Senate urged to back crisis bill

Bush urges senators over bill

President Bush and Senate leaders have appealed for a new version of a $700bn (£380bn) economic rescue plan to be approved in a vote on Wednesday night.

Senate Democrat leader Harry Reid said “inaction is not an option” and stressed the bill was “not a bail-out for Wall Street, but for the country”.

Mr Bush urged senators to take the bill “very seriously” and to pass it.

The plan also needs support in the House of Representatives, which rejected a similar bill on Monday.

Speaking a few hours before the vote, Mr Bush said the bill needed to pass in order to calm volatile markets.

CHANGES TO BILL
Raises government’s guarantee on savings from $100,000 to $250,000
Tax breaks to help small businesses and promote renewable energy
Expansion of child tax credit and help for victims of recent hurricanes

“It’s very important for us to pass this piece of legislation so as to stabilise the situation – so that it doesn’t get worse and then our fellow citizens lose wealth and work,” he said.

The House of Representatives would vote on a revised version on Friday, the president said.

US presidential hopefuls John McCain and Barack Obama are returning from their campaign trail for the vote, which is due to begin about 1930 (2330 GMT).

Senate Republican leader Mitch McConnell said he was optimistic for a “bipartisan victory”.

Revised proposal

Global markets were volatile on Wednesday ahead of the vote.

On Wall Street the Dow Jones index closed down 0.18% at 10,831.1.

There will be a time to punish those who set this fire, but now is the moment for us to come together and put the fire out

Barack Obama

But hopes that enough changes had been made to get the bill through saw shares close up strongly in Asia on Wednesday.

In Europe, the UK’s FTSE 100 finished 1.1% higher at 4,959.6 points, France’s key index added 0.6% while German shares fell.

Changes to the rescue plan involve lifting the US government’s guarantee on savings from $100,000 to $250,000 and a package of targeted tax breaks.

They are designed to answer critics who felt the original plan was weighted too much in favour of Wall Street while not enough was being done to help struggling American families.

To get through the Senate, the bill will require backing by 60 of the 100 senators. It would then return to the House of Representatives on Friday.

Some members of Congress continue to press for more fundamental changes to the bill, says the BBC’s Americas editor Justin Webb.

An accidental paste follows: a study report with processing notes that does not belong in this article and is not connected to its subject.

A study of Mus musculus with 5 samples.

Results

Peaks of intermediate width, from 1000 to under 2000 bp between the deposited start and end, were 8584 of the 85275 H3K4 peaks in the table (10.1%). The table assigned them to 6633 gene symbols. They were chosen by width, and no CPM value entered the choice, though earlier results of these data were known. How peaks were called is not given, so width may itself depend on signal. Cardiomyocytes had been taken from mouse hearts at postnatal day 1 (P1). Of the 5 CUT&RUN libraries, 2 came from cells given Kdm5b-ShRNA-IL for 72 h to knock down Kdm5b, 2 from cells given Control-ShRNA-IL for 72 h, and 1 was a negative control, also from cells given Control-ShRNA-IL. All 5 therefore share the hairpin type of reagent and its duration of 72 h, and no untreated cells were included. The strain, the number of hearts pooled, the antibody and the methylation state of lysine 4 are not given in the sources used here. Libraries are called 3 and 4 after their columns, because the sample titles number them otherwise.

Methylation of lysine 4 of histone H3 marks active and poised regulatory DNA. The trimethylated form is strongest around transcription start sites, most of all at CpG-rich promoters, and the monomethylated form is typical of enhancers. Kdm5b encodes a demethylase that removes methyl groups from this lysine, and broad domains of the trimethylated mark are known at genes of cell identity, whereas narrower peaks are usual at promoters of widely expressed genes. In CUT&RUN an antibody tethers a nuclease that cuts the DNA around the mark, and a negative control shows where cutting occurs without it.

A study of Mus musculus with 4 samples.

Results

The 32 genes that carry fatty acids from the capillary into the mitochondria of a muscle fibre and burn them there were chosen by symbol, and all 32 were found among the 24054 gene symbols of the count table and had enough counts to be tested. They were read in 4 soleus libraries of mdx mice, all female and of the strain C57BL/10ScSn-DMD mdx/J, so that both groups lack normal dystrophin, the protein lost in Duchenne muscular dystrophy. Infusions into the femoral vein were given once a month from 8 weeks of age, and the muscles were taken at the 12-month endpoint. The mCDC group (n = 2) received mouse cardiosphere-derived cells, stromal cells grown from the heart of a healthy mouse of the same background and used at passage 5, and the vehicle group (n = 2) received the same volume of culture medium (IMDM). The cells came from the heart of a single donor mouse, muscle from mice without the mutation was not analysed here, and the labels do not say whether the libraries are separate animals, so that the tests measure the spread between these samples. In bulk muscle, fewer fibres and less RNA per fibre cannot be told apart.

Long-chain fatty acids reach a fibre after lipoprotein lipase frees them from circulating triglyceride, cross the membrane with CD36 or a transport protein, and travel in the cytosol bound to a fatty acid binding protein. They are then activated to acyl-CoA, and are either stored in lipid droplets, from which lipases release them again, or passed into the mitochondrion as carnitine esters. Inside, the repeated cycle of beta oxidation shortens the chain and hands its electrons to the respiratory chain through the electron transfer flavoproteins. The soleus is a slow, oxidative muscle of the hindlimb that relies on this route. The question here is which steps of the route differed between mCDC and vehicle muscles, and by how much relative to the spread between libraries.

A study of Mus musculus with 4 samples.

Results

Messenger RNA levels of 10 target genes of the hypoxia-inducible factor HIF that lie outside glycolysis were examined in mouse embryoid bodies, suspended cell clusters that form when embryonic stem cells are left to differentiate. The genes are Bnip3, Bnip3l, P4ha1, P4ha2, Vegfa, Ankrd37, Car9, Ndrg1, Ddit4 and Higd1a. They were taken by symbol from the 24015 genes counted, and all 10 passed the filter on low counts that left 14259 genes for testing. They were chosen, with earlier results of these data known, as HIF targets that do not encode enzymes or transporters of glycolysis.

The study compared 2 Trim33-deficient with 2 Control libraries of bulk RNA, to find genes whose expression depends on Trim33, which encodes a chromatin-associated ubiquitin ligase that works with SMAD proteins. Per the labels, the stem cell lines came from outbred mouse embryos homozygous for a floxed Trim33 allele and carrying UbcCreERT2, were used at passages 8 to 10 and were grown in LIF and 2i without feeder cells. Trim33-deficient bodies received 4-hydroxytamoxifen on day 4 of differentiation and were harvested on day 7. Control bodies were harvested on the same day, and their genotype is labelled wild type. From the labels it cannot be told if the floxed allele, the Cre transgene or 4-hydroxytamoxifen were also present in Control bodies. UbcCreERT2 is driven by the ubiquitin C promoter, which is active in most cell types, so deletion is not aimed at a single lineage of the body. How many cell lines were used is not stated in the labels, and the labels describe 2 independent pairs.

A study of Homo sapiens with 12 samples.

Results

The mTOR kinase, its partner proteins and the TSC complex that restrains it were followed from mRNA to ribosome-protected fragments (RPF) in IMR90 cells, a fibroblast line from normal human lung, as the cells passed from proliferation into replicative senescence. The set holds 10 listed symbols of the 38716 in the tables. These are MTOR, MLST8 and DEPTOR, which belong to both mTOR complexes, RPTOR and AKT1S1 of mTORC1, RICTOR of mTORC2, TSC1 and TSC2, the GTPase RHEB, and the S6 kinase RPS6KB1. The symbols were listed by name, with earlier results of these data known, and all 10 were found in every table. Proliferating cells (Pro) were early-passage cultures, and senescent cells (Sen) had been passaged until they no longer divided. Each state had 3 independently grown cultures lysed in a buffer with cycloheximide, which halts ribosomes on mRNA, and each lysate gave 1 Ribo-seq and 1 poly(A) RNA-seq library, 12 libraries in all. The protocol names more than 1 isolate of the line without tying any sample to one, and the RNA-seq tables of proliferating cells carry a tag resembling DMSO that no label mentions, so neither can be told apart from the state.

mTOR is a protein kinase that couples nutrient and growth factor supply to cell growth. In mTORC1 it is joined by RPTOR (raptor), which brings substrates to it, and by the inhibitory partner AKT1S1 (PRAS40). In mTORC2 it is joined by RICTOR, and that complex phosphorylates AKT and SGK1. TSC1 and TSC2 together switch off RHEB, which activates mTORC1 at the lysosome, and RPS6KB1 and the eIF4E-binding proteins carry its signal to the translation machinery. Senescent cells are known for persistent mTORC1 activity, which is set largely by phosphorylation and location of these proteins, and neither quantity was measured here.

The House’s rejection of the earlier version of the plan on Monday led to sharp falls on world stock markets.

In other developments:

  • The European Union outlines its own proposals for reforming banking regulation which, if approved, could see dramatic changes to the way in which banks operate
  • France proposes an emergency European fund to rescue crisis-hit banks and pushes for a summit with Germany, Britain and Italy
  • Russian Prime Minister Vladimir Putin says the “irresponsibility” of the US financial system is to blame for the crisis
  • Ireland’s government discusses a move to guarantee all bank deposits with the EU Competition Commissioner

‘Painful recession’

In election campaigning on the eve of the vote, Mr McCain and Mr Obama urged politicians of both parties to work together to pass the emergency legislation.

Speaking in Reno, Nevada, Mr Obama warned that without action by Congress “millions of jobs could be lost, a long and painful recession could follow”.

John McCain campaigns in Iowa, 30 Sept

John McCain said inaction by Congress was putting the US at risk

He added: “There will be a time to punish those who set this fire, but now is the moment for us to come together and put the fire out.”

Mr McCain, who campaigned in Des Moines, Iowa, said inaction by Congress had “put every American and the entire economy at the gravest risk” and that Washington urgently needed to show leadership.

“I am disappointed at the lack of resolve and bipartisan goodwill among members of both parties to fix this problem,” he said.

The vote comes a day before a TV debate between vice-presidential candidates Joe Biden and Sarah Palin.

Mr Biden, Mr Obama’s running mate, is also expected to take part in the Senate vote.

Meanwhile, ex-President Bill Clinton – whose wife Hillary lost to Mr Obama in a fierce primary contest for the Democratic nomination – held his first rally for Mr Obama.

He told Florida voters that Mr Obama had “better answers”.

“Better answers for the economy, for energy, for health care, for education. He knows what it will take to get this country back on track,” Mr Clinton said.